Doctor Doctor Who Guide

I may have been critical of the previous episode, The End of the World, not because it was such a terrible story - it wasn't, and it does contain several stand-out moments - but because I felt it lacked dramatic impact (even if, as Adric would say, it tried so hard). Creepy, macabre and suspensful stories have always been my favourite in Dr Who and I feel no shame in admitting that the much-lauded Phillip Hinchcliffe era with Tom Baker is my favourite in all the series (in addition to a healthy smattering of other good stories, of course). So, how does The Unquiet Dead stand up against predecessors such as these, and indeed against the previous two installments from Russell T Davies?

In short, it stands up very well. Clearly it is a story more directly comparable to the old classics. This by no means confers immediate status - in fact, it can make it even easier to pick out "faults" - but The Unquiet Dead manages to succeed in its own right, regardless.

It helps to have a script tailored more to the 45 minute format, one that actually seems to fit this time (the first two being uncomfortably tight squeezes). This is achieved because we are now used to the two regulars, the setting is less exotic - more quickly idenitifiable - and the guest cast is kept to a minimum, eschewing the plethora of superfluous characters so evident in TEotW. All this even allows the pace, previously so frantic, to settle down - as it had to for a story set mostly within an old funeral parlour.

Our three main human guest stars all perform well (acting has been a real plus for this new series so far). Simon Callow makes a memorable Charles Dickens, but I would like to specially mention Eve Myles as Gwynneth, who seemlessly conveyed a charming combination of innocence, modesty, intelligence and beauty.

The Gelth were suitably Whovian villians. Nice to see them turn nasty on everyone at the end, highlighting the need to temper goodwill with caution. I also enjoyed the Doctor and Rose disagreeing on some important issues - not just a minor spat over his reluctance to reveal his origins - with the Doctor promoting a broader if unsentimental morality perfectly in keeping with his scientific and alien background. Some people are complaining that this Doctor lacks compassion, but the Doctor has often shown to us a slightly darker side of himself when the stakes are high, most evident perhaps in the early William Hartnell years, also in Tom Baker (take another look at Pyramids of Mars). Even Jon Pertwee could be abrasive. I like to see the Doctor operating at a slightly different level than most of us; that's what makes him so different from most TV heroes, and the more writers/producers try to humanise him, the less interesting he becomes.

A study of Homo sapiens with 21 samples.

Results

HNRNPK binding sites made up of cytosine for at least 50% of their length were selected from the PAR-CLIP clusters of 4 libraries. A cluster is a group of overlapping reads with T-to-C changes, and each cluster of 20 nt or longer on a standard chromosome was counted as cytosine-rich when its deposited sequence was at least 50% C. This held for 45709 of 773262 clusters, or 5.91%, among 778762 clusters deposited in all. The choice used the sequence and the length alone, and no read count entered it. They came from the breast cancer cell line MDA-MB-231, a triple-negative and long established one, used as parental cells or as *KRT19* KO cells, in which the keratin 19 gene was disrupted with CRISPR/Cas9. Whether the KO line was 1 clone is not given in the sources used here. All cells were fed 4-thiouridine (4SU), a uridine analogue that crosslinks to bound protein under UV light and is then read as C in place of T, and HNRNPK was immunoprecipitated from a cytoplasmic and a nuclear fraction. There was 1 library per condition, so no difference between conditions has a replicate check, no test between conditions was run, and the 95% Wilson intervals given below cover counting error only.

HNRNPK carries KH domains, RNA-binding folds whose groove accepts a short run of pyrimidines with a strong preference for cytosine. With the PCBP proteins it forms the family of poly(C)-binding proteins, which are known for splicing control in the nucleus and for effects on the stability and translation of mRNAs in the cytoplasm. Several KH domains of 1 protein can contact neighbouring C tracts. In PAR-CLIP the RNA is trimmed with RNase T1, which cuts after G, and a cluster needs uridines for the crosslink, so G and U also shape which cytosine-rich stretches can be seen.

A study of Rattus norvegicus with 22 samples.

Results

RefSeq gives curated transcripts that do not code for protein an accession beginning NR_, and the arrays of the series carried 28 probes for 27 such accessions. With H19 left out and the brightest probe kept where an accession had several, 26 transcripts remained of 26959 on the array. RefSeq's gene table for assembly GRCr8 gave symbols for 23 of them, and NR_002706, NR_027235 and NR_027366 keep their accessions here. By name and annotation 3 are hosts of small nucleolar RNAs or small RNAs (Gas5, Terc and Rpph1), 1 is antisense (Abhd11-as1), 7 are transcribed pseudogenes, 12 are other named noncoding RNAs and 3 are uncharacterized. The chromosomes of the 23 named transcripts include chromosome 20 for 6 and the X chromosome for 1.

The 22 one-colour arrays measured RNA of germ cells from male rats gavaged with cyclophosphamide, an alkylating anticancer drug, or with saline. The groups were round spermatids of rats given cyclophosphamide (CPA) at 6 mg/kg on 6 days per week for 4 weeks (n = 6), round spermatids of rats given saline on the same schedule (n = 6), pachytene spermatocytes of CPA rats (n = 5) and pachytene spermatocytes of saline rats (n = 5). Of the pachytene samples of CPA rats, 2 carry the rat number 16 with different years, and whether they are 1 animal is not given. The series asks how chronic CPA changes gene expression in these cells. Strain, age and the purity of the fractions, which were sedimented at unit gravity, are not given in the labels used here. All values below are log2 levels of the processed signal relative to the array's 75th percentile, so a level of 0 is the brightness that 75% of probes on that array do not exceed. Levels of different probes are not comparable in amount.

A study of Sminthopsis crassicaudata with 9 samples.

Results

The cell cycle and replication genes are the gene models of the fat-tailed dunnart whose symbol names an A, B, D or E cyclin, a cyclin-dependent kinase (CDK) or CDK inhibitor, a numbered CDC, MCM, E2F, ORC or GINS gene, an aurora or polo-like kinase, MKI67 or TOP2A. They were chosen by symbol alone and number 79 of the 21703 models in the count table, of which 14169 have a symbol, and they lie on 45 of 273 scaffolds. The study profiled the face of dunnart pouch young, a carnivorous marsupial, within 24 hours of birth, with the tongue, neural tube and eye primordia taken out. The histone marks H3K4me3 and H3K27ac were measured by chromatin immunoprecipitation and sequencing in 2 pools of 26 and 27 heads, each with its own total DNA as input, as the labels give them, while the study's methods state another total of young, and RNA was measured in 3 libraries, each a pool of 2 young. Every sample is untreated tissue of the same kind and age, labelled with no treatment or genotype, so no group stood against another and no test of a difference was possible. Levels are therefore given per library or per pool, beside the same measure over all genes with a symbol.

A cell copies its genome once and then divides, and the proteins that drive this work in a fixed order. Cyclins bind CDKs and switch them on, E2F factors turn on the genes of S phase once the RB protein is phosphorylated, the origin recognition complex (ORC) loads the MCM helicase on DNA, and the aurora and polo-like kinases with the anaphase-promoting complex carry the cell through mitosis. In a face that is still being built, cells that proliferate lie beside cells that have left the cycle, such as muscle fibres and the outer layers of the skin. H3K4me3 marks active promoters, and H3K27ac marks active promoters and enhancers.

It did faze me initially when Charles Dickens saved the day instead of the Doctor. Yet a significant part of this story was focusing on this man, by all parameters enlightened, intelligent and reasoning, wrestling with concepts far outside his usual sphere, and finally coming to grips with them. For such an important historical figure such as Charles Dickens not to have anything constructive to add would have rendered his inclusion an unnecessary curiosity and forfeited his character arc. There is also precedent for the Doctor playing a more subordinate role (we have to go back a bit, but right up to Tenth Planet it was often Ian or Ben solving problems and swinging into action. I haven't heard too many complaints about The Crusades, and the Doctor did precious little in that fine story compared to his later incarnations).

Amongst all this, the running subplot of a Time War is slowly gathering momentum. It sounds most intriguing. Not having read any of the New Adventures books, I have no idea what it bodes. Let's hope it's played out effectively, as big ideas can be two-edged swords.

Next week, our first two-parter, with a preview that certainly whets the appetite. For now, we seem to have a series in good hands, with two fine regulars performing effortlessly off each other, enthusiastic writing and decent technical specs.